Daniel Levy - Bale refused to play (in code)

As everyone knows, whether they care to admit it or not and plenty were in denial at the time, Spurs had no choice but to sell Gareth Bale, they were forced to do so.

The 'he is under contract' brigade who mistakenly believe a contract means something would disagree. The inevitable happened but not in a nice way. In todays world of football a player moves whenever he wants to, but in Gareth Bale's case frankly he had no reason to stay.

Daniel Levy had promised him that if Spurs fail to qualify for the Champions League he would listen to a reasonable offer if one came in. To Bale that meant no Champions League and I'm off, to Levy that meant I'll listen but I won't hear and still won't sell you.

Gareth Bale was carrying Tottenham and papering over the cracks. He could have run his own goal of the season competition such were the brilliance and importance of some of them. Bale is the same as any other player, he wants Champions League football and if a club can't provide it players will not wait around, that's the real world. They will simply do what Dimitar Berbatov, Luka Modric and Gareth Bale all did, simply refuse to play.

The one thing that made Bale different was his childhood dream of playing for Real Madrid. You can't knock a guy for wanting to realise a childhood dream.

Bale refused to play for Spurs
Bale forced Spurs to sell
You will remember the rubbish the club spun about an injury to cover up the fact he had refused to train and refused to play. That didn't fool the majority of supporters though and was confirmed in Hong Kong when he refused to even be seen or photographed in a Spurs shirt. During games he stayed hid in the dressing room, not providing a single photo opportunity for eager and expectant fans in an emerging market.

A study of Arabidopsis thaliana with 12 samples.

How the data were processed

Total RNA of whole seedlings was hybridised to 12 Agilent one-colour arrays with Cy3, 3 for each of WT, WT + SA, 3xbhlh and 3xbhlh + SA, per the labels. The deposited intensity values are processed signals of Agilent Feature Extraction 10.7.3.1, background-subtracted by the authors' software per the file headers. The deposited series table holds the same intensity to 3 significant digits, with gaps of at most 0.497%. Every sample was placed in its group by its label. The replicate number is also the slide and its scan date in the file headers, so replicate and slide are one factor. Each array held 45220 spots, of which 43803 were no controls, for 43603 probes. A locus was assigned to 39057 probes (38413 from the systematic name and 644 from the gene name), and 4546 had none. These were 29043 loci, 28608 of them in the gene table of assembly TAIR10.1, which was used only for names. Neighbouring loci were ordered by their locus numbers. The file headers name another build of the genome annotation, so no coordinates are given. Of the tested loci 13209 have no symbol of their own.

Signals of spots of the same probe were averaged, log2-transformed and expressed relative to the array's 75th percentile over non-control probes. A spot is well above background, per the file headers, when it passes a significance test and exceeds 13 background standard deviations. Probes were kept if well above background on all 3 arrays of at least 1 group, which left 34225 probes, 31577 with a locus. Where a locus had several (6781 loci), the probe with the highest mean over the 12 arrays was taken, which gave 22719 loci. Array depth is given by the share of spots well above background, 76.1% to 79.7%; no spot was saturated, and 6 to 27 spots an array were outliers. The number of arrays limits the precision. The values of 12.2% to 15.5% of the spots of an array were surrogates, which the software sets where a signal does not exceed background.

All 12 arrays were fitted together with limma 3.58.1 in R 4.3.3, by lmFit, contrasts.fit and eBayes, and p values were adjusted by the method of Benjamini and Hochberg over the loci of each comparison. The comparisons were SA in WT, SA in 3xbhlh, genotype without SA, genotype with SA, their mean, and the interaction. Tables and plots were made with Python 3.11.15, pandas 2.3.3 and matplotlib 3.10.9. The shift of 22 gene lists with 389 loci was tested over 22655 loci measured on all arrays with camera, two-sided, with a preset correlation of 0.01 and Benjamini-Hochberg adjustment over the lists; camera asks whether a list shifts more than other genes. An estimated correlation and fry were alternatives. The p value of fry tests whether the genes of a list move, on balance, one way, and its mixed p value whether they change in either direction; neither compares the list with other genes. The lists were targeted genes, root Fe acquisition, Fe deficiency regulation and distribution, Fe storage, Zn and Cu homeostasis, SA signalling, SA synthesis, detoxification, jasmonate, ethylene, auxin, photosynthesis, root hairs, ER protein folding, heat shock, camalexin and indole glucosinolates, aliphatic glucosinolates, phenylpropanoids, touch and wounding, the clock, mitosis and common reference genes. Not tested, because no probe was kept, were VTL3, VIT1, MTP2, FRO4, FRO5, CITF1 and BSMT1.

Spurs got an extra season out of Bale when we were unfortunate not to get Champions League football but a failure to achieve fourth the following season meant he would be off. Fortunately in that time we more than doubled his valuation and received a world record fee for him.

In a candid interview with The Times, a snip of which you'll find below,  Daniel Levy lifted the lid on the Bale transfer saga and admitted that although he wanted to keep him it was impossible.

"It wasn’t a money decision that forced us to sell him.

"I easily would have turned down £125 million if we believed that Gareth would have been a committed Tottenham player. I would much rather be sitting here with Gareth Bale in the team, but we are dealing with people.

"Tottenham is not a club that can consistently pay £50 million for a player. We have to make our players.”

At the time of the Gareth Bale transfer to Real Madrid Daniel Levy said:

Daniel Levy forced to sell Gareth Bale
Daniel Levy was forced to sell Gareth Bale
“Gareth was a player we had absolutely no intention of selling as we look to build for the future. He is a player whose career we have fostered and developed and he was only a year into his new four-year contract.

“Such has been the attention from Real and so great is Gareth’s desire to join them, that we have taken the view that the player will not be sufficiently committed to our campaign.”

In business you word things to convey a message without actually saying it, hence the term reading between the lines. Applying that to Daniel Levy's comments and it's clear he had no intention of selling Bale but had no choice, Bale simply refused to train and refused to play or was not 'sufficiently committed' as he puts it.

The fact that he has used the term 'committed' in both interviews shows Bale didn't want to be here any longer. In the end we did well to get €101 million for him, which with improved exchange rates was worth over £6m more than it was a year before.


We live in a world of player power. A player can simply run down his contract and leave for free, collecting himself a nice fat signing on fee and large salary. That is useless for his current club who have to keep him tied into at least 3 year deals to guarantee a market value transfer fee. Effectively that's all a contract is, a bit of paper that ensures the club can get a transfer fee, from a players point of view it has little or no value at all.